There is a great flurry of interest and activity around self-directed support (SDS) at the moment. That isn’t to say that everyone shares the same understanding of what it means, or that they know how to put whatever they understand it to mean into practice. Expectations of what SDS will deliver are in some cases very high. It could offer people who use services the promise of independent living – of being able to live their lives with the same freedom, choice, dignity and control as other citizens. It could be a vehicle for promoting social inclusion and social justice. In stark contrast, there are fears that beneath the shiny surface lurks an agenda to cut services for people who very much need them – with quite the opposite results.
What are we to make of this? As ever, a good place to start is by reviewing the evidence that exists and, where there are gaps, finding ways to plug them. This is the thinking behind IRISS’s new ‘Evidence Explorers’ project. Although there are obvious limits to what can be achieved within the few months of its duration, it aims to contribute towards strengthening the evidence-base to inform the development of SDS, so that all concerned are better equipped to make service user choice and control a reality.
There are potentially many parties with a role to play in bringing this about. Obviously social service practitioners and providers need to know how to respond. They need to be supported by institutions with the right systems and culture to support user choice. Individuals who use SDS, or who would like to, might need support from user-led organisations or independent advocacy. But there are others too, including policy-makers, scrutiny bodies, academics and researchers. Most importantly, all of them need to be talking to each other, listening to each other and learning from each other. Their different perspectives are themselves a vital source of evidence.
With this in mind, IRISS brought together a range of key players to explore the evidence and generate more through co-production. We set off last week, when the ‘evidence explorers’ discussed the meaning of co-production (a project in itself!) and how we were going to work together. We considered the meaning of self-directed support. Obviously, the SDS strategy defines it in terms of choice over delivery options. Whichever is chosen, services need to be focused on the choices of the person using the service. The group also began to identify key issues that we need to know more about. They will now go out to their networks to gather more evidence about evidence gaps.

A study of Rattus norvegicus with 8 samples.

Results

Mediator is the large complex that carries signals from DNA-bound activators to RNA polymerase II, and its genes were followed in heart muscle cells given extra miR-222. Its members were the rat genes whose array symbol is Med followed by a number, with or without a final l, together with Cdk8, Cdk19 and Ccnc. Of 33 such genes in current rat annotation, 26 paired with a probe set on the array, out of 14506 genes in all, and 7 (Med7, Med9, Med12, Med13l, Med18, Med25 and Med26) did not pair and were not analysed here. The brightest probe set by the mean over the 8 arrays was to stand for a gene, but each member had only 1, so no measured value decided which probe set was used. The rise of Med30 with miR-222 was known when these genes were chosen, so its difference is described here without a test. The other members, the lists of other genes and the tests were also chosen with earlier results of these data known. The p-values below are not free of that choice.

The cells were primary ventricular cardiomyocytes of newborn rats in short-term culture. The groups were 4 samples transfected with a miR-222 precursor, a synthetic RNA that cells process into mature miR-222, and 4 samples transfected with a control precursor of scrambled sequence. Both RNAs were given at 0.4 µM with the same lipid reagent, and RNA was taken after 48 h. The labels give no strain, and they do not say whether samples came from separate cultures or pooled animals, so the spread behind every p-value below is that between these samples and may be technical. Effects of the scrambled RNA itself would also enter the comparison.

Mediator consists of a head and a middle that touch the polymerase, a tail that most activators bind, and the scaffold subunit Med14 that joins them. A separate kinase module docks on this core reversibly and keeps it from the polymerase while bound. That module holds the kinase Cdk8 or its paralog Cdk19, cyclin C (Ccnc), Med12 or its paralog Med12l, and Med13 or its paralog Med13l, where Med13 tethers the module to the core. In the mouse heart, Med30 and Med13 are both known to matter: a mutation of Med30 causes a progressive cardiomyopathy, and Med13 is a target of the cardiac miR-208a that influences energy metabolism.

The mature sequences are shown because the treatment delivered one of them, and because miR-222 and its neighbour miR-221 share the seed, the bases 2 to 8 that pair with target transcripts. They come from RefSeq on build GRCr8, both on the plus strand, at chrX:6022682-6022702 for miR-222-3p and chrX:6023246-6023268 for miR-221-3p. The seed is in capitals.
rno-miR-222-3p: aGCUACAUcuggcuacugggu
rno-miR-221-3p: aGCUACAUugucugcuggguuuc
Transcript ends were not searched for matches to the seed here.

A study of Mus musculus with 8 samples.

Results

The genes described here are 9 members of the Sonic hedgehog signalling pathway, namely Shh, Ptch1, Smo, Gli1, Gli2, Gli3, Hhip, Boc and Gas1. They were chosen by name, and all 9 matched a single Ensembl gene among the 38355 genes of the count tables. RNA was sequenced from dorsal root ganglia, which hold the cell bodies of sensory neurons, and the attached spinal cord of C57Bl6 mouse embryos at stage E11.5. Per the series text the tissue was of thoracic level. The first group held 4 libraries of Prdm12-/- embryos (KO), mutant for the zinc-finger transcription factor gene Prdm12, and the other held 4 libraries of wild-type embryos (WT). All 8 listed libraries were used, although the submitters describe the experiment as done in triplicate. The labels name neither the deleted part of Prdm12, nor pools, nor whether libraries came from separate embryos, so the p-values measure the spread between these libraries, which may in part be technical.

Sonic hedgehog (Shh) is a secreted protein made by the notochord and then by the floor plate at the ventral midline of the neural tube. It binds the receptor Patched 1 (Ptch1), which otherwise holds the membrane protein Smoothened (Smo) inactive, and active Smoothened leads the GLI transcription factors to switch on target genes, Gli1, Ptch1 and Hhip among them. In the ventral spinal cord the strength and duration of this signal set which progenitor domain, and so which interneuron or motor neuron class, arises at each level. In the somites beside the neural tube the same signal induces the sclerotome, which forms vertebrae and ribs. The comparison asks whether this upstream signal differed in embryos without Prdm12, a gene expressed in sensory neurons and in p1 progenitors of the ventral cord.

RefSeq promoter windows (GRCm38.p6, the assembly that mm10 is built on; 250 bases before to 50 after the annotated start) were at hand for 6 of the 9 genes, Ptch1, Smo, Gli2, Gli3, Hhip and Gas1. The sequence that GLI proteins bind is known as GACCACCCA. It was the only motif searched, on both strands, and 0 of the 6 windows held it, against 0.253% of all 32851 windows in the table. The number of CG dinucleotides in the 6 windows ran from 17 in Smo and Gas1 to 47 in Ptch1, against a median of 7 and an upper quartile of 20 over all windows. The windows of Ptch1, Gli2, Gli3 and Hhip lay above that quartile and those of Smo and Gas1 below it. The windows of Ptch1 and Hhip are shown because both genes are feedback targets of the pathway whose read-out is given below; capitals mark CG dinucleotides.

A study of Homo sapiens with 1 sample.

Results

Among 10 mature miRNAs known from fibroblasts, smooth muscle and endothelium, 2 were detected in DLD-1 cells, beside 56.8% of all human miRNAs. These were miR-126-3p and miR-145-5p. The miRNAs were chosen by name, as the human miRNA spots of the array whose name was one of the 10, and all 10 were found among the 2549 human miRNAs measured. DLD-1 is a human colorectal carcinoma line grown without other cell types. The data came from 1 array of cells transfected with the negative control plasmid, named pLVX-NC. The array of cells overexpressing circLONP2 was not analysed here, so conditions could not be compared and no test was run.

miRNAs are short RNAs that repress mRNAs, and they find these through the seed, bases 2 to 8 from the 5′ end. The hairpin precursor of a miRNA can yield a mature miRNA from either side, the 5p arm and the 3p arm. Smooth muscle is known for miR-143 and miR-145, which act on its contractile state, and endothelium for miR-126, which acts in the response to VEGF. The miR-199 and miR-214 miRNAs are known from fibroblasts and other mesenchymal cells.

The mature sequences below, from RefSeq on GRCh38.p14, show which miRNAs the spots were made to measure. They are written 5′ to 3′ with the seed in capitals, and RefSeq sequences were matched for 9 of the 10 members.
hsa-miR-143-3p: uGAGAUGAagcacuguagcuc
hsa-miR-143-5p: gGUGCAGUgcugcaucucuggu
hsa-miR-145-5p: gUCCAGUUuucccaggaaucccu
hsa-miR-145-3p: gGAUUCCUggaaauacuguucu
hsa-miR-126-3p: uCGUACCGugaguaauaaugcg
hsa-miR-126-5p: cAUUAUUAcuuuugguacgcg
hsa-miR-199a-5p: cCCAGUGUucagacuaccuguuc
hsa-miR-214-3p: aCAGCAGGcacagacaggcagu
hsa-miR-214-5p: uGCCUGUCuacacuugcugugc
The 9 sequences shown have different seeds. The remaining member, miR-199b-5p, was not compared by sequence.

Usually, ‘communities of practice’ are set up to facilitate debate and information exchange between members of one of the groups involved, such as practitioners or providers. We hope that this blog might provide a focal point for dialogue between members of different groups, all of whom want to see SDS deliver user choice and control and all of whom collectively can therefore be thought of as one community of practice.
As we set off on our expedition, none of us know quite what we will discover. We know where we want to get to, but don’t yet have the evidence that tells us how to get there. To start with, it would be great to get wider views on what the key evidence gaps are. If you have any thoughts about this, please do add them below. Comments (on this or any other aspect of the project) are very welcome at any point up until mid-July and can inform the final report. However, after Easter the ‘co-production partners’ will be selecting a few gaps for more in-depth exploration and evidence generation, so suggestions on evidence gaps received before then can be taken into account in developing the next stage.
Please join us on what we hope will be an exciting voyage of discovery!